We rented a 3/2 house in Houston only to find out once we moved in that we can't use one of the bathrooms because it is broken. We sent a cert. letter about repairs and our landlord told us NOT to call because she doesn't speak English. She told us she could not afford to make repairs and she might when her income tax comes in. We also have plumbing issues and currently can not use out shower or toilets because they back up and flood the house. We are using the neighbors house to bathe and use the restroom and have sewage on our floors. I called and messaged our landlord about it being an emergency and she said she could afford to fix it. Doesn't this make the house uninhabitable and she is breaking the lease. How do we legally break our lease, so we get a lawyer or go to court?
We sent our landlord 2 certified letters about repairs. She never got the first one because she said she put her address incorrectly on out lease agreement. She had the apartment number missing and has the wrong city. She is all the way in Florida now. She will only communicate through text and this does not work for us becasue its to hard to discuss issues by that means. We are also missing a chimney cap which has allowed birds and animals to get in our chimney. Luckily we found out this was missing because this device keeps the sparks from a fire from blowing back onto the roof. e told her about this once again through text because she doesn't respond to letters and she said once again that she couldn't afford to fix it. She moved back to Florida because her husband couldn't find work. Why should we be forced to live in these conditions because she can't afford to fix things?!? We think she is breaking the lease but we don;t know what to do.
Generally, if you notify the landlord by certified mail, return receipt requested, about an issue in the rental property that is a threat to your health or safety, the landlord has a week from when they receive your letter (or notice of your letter) to fix the problem. If the landlord does not fix the problem, you may have the right to terminate your lease, sue the landlord for $500 plus one month's rent (plus actual damages, court costs and attorney's fees), and/or obtain a court order requiring the landlord to fix the problem. You may want to consult with an attorney to determine if you have taken all the steps necessary to legally terminate your lease. Generally, if you are entitled to terminate your lease, you should give the landlord written notice (preferably by certified mail, return receipt requested) that you are legally terminating the lease due to the landlord's failure to make necessary repairs within a reasonable amount of time.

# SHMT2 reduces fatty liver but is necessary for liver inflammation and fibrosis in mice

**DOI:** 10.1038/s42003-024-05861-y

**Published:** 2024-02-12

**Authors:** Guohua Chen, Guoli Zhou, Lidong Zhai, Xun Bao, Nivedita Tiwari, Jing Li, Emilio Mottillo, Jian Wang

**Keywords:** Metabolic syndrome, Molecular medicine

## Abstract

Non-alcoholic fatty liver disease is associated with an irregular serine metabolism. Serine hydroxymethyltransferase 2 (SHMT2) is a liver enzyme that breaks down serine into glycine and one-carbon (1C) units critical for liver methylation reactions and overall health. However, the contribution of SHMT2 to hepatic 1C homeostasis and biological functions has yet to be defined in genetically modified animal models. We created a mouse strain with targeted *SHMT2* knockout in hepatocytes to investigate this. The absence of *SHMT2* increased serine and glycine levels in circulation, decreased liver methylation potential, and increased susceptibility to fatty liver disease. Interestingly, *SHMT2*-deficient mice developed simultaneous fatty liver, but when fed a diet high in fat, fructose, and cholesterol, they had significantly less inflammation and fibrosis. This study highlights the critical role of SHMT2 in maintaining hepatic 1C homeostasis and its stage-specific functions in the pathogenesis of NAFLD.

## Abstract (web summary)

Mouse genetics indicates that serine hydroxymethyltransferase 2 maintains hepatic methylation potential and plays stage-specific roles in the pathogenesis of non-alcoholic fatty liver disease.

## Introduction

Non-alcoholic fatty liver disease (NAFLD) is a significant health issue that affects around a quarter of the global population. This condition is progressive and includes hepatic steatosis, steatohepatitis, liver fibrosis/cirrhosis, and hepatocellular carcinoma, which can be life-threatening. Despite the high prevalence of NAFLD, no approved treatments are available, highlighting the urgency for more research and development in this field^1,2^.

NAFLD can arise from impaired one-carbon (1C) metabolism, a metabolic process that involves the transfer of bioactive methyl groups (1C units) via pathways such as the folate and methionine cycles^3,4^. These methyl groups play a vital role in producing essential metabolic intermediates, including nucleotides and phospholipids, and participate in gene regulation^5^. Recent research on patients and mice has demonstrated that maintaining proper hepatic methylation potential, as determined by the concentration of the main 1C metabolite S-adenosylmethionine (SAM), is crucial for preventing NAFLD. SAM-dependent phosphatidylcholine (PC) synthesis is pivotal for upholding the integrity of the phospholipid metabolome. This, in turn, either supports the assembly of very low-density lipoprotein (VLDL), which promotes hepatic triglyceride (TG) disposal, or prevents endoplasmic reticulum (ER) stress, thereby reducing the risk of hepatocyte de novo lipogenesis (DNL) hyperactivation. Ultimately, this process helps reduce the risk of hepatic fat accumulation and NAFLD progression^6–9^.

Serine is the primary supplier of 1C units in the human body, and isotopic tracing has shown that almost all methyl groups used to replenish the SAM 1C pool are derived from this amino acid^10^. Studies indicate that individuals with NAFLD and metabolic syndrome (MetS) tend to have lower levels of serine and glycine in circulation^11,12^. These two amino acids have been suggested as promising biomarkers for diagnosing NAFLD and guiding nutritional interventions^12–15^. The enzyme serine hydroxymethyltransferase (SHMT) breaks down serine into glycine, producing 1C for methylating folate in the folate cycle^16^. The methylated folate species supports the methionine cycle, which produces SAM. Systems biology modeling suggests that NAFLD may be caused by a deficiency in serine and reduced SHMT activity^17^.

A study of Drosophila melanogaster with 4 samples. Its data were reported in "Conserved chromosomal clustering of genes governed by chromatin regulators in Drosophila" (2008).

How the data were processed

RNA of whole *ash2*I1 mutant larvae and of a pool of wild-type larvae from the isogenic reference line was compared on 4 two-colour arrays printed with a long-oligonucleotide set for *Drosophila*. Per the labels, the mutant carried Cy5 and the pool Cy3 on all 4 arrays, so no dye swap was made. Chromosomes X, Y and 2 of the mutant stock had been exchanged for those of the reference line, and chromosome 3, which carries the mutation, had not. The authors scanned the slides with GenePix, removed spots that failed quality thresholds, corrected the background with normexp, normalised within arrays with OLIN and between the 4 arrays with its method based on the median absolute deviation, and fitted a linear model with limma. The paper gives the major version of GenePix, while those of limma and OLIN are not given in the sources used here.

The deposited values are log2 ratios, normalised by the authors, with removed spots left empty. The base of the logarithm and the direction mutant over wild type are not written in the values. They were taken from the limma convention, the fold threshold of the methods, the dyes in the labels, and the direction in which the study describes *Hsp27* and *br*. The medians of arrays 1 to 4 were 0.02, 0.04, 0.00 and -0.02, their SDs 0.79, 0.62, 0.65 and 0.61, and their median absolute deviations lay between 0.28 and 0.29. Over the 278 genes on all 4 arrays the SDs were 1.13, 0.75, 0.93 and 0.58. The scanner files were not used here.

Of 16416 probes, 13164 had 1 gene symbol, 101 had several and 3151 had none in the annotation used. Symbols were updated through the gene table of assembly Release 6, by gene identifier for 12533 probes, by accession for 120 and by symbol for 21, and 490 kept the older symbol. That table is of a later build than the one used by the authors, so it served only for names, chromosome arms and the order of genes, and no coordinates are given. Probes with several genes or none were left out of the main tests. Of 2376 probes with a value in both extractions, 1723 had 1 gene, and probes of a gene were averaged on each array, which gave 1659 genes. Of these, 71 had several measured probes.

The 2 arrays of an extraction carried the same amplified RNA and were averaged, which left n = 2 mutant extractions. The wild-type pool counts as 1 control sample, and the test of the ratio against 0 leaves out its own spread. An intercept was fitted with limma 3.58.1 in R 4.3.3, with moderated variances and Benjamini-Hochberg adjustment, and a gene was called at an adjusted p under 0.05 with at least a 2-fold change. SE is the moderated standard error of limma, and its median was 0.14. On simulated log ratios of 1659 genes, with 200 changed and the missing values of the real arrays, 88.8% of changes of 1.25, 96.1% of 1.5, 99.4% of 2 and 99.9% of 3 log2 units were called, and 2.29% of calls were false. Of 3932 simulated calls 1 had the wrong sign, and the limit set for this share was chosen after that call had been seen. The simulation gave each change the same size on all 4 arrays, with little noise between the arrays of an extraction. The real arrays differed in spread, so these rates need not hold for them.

This answer is offered as a public service for general information only and should not be relied upon as legal advice.
Texas Property Code § 92.052 LandLord Duty to Repair and Remedy
A landlord shall make a diligent effort to repair or remedy a condition if:
(1) there is notice to the person to whom or to the place where rent is normally paid;
(2) the rent is not delinquent; and
(3) the condition:
(A) materially affects the physical health or safety of an ordinary tenant;
TENANTS REMEDIES FOR LANDLORDS FAILURE TO REPAIR:
(1) terminate the lease;
(2) have the condition repaired or remedied according to § 92.0561;
(3) deduct from rent, without judicial action, the cost of the repair or remedy; and
(4) obtain judicial remedies according to § 92.0563.
§ 92.0561 TENANT'S REPAIR AND DEDUCT REMEDIES
(a) If the landlord FAILS TO MAKE REPAIRS THAT AFFECT THE TENAN TS HEALTH OR SAFTY the tenant may have the condition repaired or remedied and may deduct the cost from a subsequent rent payment as provided in this section.
(b) The tenant's deduction may not exceed greater of one month's rent or $ 500, if the tenant's rent is subsidized rent shall mean the fair market rent determined by the governmental agency or a reasonable amount of rent under the circumstances.
(c) Repairs and deductions under this section may be made as often as necessary so long as the total in any one month does not exceed greater of one month's rent or $ 500.
THE TERMINATING TENANT GETS:
(1) pro rata refund of rent from the date of termination or move out, whichever is later;
(2) deduction of security deposit from rent without necessity of lawsuit or obtain a refund of the tenant's security deposit according to law; and
(3) not entitled to the other repair and deduct remedies under § 92.0561 or the judicial remedies under § 92.0563(a) (1) and (2).
(g) Lease must contain language in underlined or bold print that informs the tenant of the remedies available under this section and Section 92.0561.
See the Texas Property Code Section 92.056, (available at http://www.statutes.legis.state.tx.us/), for all the steps the tenant must take to preserve their rights if they paln to do the repais and deduct the money from the rent.
Since attorney's fees are recoverable you should beable to have a lawyer help you with this matter.